A new study in Stroke Journal from the American Heart Association says that many women can’t accurately identify the signs of a stroke. That lack of stroke awareness could prevent women from getting effective treatment and may lead to serious consequences like death or disability. Chicago attorney Howard Ankin has experience helping stroke victims obtain Social Security benefits. He welcomes any effort to inform the public on how to identify stroke symptoms.
Stroke is the third leading cause of death among women. It’s the leading cause of long-term disability. Women historically suffer seizures with greater frequency than men. On average, 55,000 more women suffer strokes than men.
To address the issue of strokes in women, The American Heart Association commissioned a survey of more than 1,200 women. In the survey, women were asked to identify which conditions were symptomatic of a stroke. Only 51 percent of survey participants recognized sudden weakness or numbness on one side of the body as a stroke symptom. Forty-four percent correctly identified speech troubles as a sign of a stroke.
Identifying stroke symptoms is important because it can help lead to more effective treatment. Certain clot-busting drugs can be effective in combating long term effects from a stroke. However, those drugs do not work after a long period of time. Women who can’t identify a stroke as it’s happening could be more vulnerable to death or disability.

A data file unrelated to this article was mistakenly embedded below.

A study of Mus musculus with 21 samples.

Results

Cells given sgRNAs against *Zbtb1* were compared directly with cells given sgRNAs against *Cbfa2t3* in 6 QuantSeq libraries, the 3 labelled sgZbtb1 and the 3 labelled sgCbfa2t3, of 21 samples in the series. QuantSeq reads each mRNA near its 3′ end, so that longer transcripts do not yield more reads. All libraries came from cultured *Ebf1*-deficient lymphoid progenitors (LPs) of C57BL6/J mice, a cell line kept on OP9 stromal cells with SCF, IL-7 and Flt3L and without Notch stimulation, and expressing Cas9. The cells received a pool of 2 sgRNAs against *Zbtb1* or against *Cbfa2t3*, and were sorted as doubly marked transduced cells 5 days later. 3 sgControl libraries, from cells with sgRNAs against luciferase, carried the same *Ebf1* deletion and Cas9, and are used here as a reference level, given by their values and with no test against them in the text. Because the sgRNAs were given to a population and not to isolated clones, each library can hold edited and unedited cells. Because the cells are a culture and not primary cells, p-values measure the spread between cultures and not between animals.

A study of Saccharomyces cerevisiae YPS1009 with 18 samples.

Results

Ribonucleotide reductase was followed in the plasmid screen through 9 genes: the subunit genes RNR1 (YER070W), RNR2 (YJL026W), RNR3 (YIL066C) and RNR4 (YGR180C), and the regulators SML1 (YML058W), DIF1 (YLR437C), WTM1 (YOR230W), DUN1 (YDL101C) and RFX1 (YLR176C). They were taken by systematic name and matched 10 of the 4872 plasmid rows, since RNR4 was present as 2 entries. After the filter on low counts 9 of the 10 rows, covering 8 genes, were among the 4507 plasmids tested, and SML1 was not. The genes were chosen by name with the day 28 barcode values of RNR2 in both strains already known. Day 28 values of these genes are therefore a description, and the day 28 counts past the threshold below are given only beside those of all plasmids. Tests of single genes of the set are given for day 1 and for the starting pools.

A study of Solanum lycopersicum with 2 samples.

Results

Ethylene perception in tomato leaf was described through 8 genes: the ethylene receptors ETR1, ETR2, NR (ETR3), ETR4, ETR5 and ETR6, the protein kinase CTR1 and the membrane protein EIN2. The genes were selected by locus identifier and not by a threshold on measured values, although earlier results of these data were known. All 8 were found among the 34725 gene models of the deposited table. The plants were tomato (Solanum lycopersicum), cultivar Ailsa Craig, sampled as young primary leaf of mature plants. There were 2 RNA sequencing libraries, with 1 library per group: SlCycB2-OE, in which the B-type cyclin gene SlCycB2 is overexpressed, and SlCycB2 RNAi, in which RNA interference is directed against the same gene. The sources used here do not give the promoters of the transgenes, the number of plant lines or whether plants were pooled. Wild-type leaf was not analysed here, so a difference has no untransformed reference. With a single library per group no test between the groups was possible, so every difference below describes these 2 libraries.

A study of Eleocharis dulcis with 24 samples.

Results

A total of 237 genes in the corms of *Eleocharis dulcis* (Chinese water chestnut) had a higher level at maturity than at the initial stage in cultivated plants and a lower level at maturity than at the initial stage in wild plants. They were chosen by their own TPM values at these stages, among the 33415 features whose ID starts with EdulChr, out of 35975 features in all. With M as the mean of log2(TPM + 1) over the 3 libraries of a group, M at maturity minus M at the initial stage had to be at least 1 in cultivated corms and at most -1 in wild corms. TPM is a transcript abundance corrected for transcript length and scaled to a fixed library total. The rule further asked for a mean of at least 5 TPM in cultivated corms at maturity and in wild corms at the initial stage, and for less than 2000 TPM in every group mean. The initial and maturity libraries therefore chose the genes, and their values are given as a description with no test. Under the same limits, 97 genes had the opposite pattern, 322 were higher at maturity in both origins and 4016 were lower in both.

A separate study in the Stroke Journal highlighted the importance of treating strokes quickly. That study found that women who received treatment almost immediately gained the equivalent of one extra healthy day in their lifetime. However, women who did not receive the clot-busting drugs lost nearly a month of their lives to disability.
Chicago attorney Howard Ankin has seen firsthand the devastation that a stroke can create. Stroke sufferers are sometimes unable to work and need long-term care. While Social Security disability benefits can help pay for that care, Mr. Ankin says more work is needed to help women avoid disability altogether. He supports all efforts to increase stroke symptom awareness.